SWEATY men in matching black shirts… The smell of beer and nicotine that swirled in the evening air, along with the humming of friends and strangers…
Under the stars, artists made music, and the kind of melody they manufactured didn’t matter. The world listened just the same.
This is how I recall my first “Fête.” It would be 13 long years before I got another taste of it. And as it turned out, it will be a festival that will also remain in memory for long.
Fête De La Musique, which translates to “music day” or “make music day,” is one of the world’s longest-running music festivals. It started 38 years ago in the streets of France as a free-for-all event. No paid tickets, no boundaries.
Fourteen years after its founding, the Philippines followed suit. This year, the country celebrated its 24th “Fête.”
With the downloaded “Fête” app in hand, I made my way to Makati City to start stage-hopping; this time, with my six-year old. It’s her first “Fête;” her first attendance in a music festival, for that matter.
Unlike other rock events, “Fête” celebrations tend to be free from disturbances. Crowds, however massive, seemed to be on the calmer side of the rock spectrum. They are there to simply enjoy music in peace, making it safe even for young ones.
ON the 3-hour bus ride from my house to Makati City, I’ve mapped out which stages I preferred. The app was a necessity. As the largest gathering of music artists and music lovers, this year’s “Fête” featured two main stages and 38 pocket stages dedicated to different genres—all playing simultaneously—scattered in bars, parking lots, and work spaces from Ayala Avenue, Barangay Poblacion, to Chino Roces.
Even though a few of the stages started between 2 p.m. and 4 p.m., it was still impossible to see all stages in one day. As a festival goer noted, “It’s overwhelming to have to choose, because every stage has a great act.”
And what great acts they were, indeed. While “Fête” showcased mostly independent artists, some stages also featured well-known musicians. Many of them, including Basti Artadi, Reese Lansangan, and The Ransom Collective played in the acoustic stage in Ayala. By early evening, it was a lost cause trying to penetrate rows of fans lined up from inside the workspace to a kilometer outside.
It was astounding to think how “Fête” had grown since its early days. When I first attended in 2005, there were only seven stages. In an era when the musicsphere is saturated with foreign acts, the annual concert had proven that there is still much to be heard in the local music scene, and for as long as locals musicians make music, there will be Filipinos who will keep on listening.
Nearby was the Greenbelt main stage, whose impressive lineup included Kat Agarrado and Pedicab. Set up in the midst of Greenbelt’s restaurants and bars, this platform was rather intimate. My daughter and I sang and swayed as Orange and Lemons performed their hits, and at the end of their set, all of us strangers raised our red beer-filled cups (complimentary to attendees who booked the app).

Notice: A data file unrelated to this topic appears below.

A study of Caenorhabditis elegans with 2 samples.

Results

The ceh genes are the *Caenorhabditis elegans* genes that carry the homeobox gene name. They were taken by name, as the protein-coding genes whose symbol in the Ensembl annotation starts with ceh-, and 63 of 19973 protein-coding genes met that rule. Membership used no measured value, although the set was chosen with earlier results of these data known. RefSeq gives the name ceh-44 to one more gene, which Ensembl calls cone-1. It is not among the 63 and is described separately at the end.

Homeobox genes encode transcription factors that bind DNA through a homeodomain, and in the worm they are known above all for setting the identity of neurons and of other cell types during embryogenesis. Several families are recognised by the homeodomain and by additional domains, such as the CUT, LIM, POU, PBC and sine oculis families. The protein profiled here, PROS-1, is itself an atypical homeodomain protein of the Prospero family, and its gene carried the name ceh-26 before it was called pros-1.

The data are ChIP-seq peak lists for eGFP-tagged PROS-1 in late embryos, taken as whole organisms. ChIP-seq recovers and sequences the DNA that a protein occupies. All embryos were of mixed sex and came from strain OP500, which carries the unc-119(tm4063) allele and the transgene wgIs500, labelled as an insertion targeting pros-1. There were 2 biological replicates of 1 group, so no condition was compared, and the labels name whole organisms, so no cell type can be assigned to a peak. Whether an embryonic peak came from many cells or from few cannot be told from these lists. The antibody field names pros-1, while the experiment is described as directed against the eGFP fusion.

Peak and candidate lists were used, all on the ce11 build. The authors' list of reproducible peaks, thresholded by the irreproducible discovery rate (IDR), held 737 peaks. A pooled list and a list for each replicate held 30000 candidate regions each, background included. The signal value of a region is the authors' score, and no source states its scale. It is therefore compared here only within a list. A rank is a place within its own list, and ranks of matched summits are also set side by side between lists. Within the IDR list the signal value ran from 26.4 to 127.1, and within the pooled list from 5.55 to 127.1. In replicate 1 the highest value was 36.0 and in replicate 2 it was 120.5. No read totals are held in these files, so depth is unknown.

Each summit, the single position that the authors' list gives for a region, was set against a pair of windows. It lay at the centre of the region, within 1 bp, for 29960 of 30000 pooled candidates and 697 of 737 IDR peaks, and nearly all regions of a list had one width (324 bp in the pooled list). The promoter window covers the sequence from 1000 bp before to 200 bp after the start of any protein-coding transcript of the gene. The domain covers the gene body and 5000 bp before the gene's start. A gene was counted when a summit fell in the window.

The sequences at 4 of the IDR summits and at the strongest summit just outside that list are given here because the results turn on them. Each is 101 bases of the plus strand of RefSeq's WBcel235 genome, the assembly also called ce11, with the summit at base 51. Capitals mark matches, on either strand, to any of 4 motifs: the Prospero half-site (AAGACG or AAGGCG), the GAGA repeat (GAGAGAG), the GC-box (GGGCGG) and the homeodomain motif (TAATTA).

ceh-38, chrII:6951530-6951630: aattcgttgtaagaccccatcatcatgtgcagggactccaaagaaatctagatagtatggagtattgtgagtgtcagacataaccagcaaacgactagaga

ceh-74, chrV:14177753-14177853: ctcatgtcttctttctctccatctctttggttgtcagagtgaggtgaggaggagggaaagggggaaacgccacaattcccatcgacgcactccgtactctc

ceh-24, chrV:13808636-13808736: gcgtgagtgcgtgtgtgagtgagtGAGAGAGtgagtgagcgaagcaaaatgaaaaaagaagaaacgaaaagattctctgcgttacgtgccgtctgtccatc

Good ‘til the end
IT’S one thing to be able to experience music on your own, but to experience it with strangers who know the same melodies by heart—and even better, with your kid—was unparalleled.
BP Valenzuela, a 22-year-old DJ and solo artist, was one of the last to perform. Though I have never heard of her before, we were compelled to stay until her last song. I watched as people danced and lifted their hands in the air, then later on, found myself doing the same.
An hour before midnight, we transferred to the A. Venue main stage to see Kjwan. They were brilliant as usual, but what was more surprising was Motherbasss, a drum-and-DJ duo who served as the closing act.
Like Valenzuela, the duo was unknown to me before “Fête,” but having listened to them for 45 minutes, I saw the ecstatic crowd upfront clamor for them. One of the best things about music fests like this one is that it has the power to keep you grounded; to let you discover and appreciate musical brilliance even if it is something you never thought you would like.
There was still much to see and hear as midnight crawled in. Several stages, in bars and bistros specifically, were open until 4 a.m.. The streets of Poblacion brimmed with energy and youth, without a sign of waning. After spending half an hour trying to find a stage that was neither off-limits to children nor overflowing with people, we found ourselves in WOKby 4900, a small eatery which serve grilled meats. From across the facility, every alley was packed with people trying to get in bars housing some of the stages: young and old, local and foreign, hip and the not-so.
We managed to get past the flurry of teens from the door to a corner where independent shoegaze and dream pop artists played. I looked at my daughter, with neon lights that glimmered against her face as she sat beside the drummer and swayed her feet. It was well-past midnight and I had yet to hear her complain. For a child who shies away from anything extremely loud, my girl was having a blast.
An hour after, as we laid in our hotel room, I asked if she enjoyed her first music fest. Smiling, she replied a happy “yes.” Maybe all it needed for her to truly listen was to see artists make music.
On that night, it was “Fête” that gave her that gift.